The audience that walked down the corridor to Cinema 1 at The Palace Barracks fit into no particular age bracket. You didn’t have to be confronting your mortality to be taught about life by Bill Nighy and the filmmakers of Living (2022). Oliver Hermanus’ film was a delicate and poignant window into a dying man’s life and a highlight of Bill Nighy’s screen career.
After the large portrait of Bill Nighy fades from the cinema screen, the audience are welcomed into the story by a different actor. We are introduced to the world by the upbeat Mr Peter Wakeling (Alex Sharp) who is traveling into London for his first day in the Public Works sector of the County Council. Mr Wakeling nervously straightens the tie around his neck and greets his new colleagues with cheery optimism. This positivity is starkly contrasted by the many sullen and serious commuters, including his imposing boss, Mr Rodney Williams (Bill Nighy).
While Mr Williams is depicted as fairly “Frosty,” we are given the impression that he is uninspired and set in his routines, rather than purposefully unpleasant. Every day, Mr Williams reads countless proposals that no other department wants, and discards them until a later date that never seems to come.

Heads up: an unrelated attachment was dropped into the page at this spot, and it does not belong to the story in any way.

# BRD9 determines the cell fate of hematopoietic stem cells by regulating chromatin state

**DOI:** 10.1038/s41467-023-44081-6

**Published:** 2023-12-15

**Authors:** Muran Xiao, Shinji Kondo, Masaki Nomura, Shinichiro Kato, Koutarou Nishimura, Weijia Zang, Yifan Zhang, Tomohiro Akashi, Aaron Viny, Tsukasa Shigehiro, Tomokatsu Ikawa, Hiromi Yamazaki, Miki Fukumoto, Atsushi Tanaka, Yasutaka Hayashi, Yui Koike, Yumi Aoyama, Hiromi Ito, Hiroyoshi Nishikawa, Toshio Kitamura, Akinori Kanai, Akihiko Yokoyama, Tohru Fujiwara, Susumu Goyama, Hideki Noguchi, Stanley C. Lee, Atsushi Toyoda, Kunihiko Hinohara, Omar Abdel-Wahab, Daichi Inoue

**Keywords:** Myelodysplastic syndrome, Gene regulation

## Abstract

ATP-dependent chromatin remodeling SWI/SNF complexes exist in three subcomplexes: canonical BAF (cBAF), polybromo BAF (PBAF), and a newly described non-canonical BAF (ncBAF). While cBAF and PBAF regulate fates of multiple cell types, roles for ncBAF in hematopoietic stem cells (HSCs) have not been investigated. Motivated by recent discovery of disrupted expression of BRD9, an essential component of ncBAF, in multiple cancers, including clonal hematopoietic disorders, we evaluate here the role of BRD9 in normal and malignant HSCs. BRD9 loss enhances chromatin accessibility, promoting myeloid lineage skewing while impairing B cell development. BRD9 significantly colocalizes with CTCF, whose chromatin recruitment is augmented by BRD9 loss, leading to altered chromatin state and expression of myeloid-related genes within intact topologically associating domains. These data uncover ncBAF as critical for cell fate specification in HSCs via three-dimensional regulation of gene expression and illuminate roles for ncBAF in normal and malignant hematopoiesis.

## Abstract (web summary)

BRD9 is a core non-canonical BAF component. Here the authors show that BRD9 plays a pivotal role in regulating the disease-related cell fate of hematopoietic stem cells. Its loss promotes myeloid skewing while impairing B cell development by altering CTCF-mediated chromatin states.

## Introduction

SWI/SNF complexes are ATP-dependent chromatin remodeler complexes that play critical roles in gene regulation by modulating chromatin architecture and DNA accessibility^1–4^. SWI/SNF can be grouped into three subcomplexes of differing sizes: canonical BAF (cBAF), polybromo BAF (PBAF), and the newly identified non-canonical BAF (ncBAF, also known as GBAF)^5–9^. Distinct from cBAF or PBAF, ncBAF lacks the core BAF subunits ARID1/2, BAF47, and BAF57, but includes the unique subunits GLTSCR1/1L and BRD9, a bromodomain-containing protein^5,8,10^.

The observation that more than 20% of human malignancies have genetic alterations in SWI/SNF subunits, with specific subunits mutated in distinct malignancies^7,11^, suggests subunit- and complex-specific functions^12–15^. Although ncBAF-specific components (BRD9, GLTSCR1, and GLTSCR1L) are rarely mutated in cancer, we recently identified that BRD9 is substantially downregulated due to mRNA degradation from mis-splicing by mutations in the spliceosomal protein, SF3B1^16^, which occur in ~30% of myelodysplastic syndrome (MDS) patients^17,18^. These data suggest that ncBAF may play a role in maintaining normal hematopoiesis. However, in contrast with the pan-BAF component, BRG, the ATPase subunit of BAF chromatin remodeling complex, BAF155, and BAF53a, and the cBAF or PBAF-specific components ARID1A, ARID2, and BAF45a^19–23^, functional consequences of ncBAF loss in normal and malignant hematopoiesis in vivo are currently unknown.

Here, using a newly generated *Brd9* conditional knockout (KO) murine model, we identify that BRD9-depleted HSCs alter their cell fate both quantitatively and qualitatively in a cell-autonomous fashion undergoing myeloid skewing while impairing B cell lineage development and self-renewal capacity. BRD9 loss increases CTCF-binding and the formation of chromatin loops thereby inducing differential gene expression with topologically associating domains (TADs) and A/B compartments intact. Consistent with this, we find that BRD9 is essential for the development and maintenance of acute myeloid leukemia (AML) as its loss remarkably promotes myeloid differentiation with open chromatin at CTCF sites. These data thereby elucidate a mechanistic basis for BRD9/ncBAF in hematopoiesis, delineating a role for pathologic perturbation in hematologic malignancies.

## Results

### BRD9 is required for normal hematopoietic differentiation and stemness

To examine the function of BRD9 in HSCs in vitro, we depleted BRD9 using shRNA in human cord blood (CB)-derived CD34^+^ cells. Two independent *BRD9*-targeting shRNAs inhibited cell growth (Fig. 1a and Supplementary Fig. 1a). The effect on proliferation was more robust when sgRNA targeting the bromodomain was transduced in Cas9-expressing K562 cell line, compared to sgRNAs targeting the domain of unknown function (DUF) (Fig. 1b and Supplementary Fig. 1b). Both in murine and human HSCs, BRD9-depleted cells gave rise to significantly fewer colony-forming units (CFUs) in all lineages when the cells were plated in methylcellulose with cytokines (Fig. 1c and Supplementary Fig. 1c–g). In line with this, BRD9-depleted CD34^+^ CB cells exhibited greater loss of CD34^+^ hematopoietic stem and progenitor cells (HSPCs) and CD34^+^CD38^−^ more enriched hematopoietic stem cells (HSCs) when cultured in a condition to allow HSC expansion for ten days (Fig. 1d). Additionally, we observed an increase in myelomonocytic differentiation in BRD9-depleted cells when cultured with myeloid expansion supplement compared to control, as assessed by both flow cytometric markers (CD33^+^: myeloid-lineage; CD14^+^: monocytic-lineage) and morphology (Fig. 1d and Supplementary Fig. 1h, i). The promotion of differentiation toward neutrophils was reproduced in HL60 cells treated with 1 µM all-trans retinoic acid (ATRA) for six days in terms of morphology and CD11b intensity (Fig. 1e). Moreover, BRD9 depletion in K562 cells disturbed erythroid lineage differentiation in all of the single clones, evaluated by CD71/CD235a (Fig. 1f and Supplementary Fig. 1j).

However, early into the film, Mr Williams’ routine is broken by some conclusive and terminal news from his doctor. Recent tests have revealed that Mr Williams only has six to nine months to live. This is where Bill Nighy really shines in this film. For such a large and complex issue, Nighy gives us the small, private moments of this struggle and really draws the audience into his inner world. Nighy’s graceful exploration of this topic makes the film a joy to watch, even while I was tearing up.
A more memorable scene is when Mr Williams struggles to articulate his prognosis to his son. We see him grapple with this new and scary information, while his son is dismissive and honestly, quite easy to dislike. Nighy’s subtle and rapidly shifting emotions made my chest tight for the whole scene as I willed him to get the words out.
As the film progresses, we watch Mr Williams find joy, connection, and a new passion for life. After letting so many years slip away unnoticed, he becomes determined to start living again. We witness Mr Williams explore the world with a fresh perspective and find purpose in one of the proposals he had once discarded.
I also cannot leave out the dazzling performances by Aimee Lou Wood as Miss Harris and Tom Burke as Mr Sutherland. Wood, especially, brings a lightness and authenticity to her role that makes the audience trust her as Mr Williams does. Although the film’s messages are complicated and considerable, I believe that they can be best summed up by a woman who spoke to me when we were leaving the cinema.
“That was what life is really about.”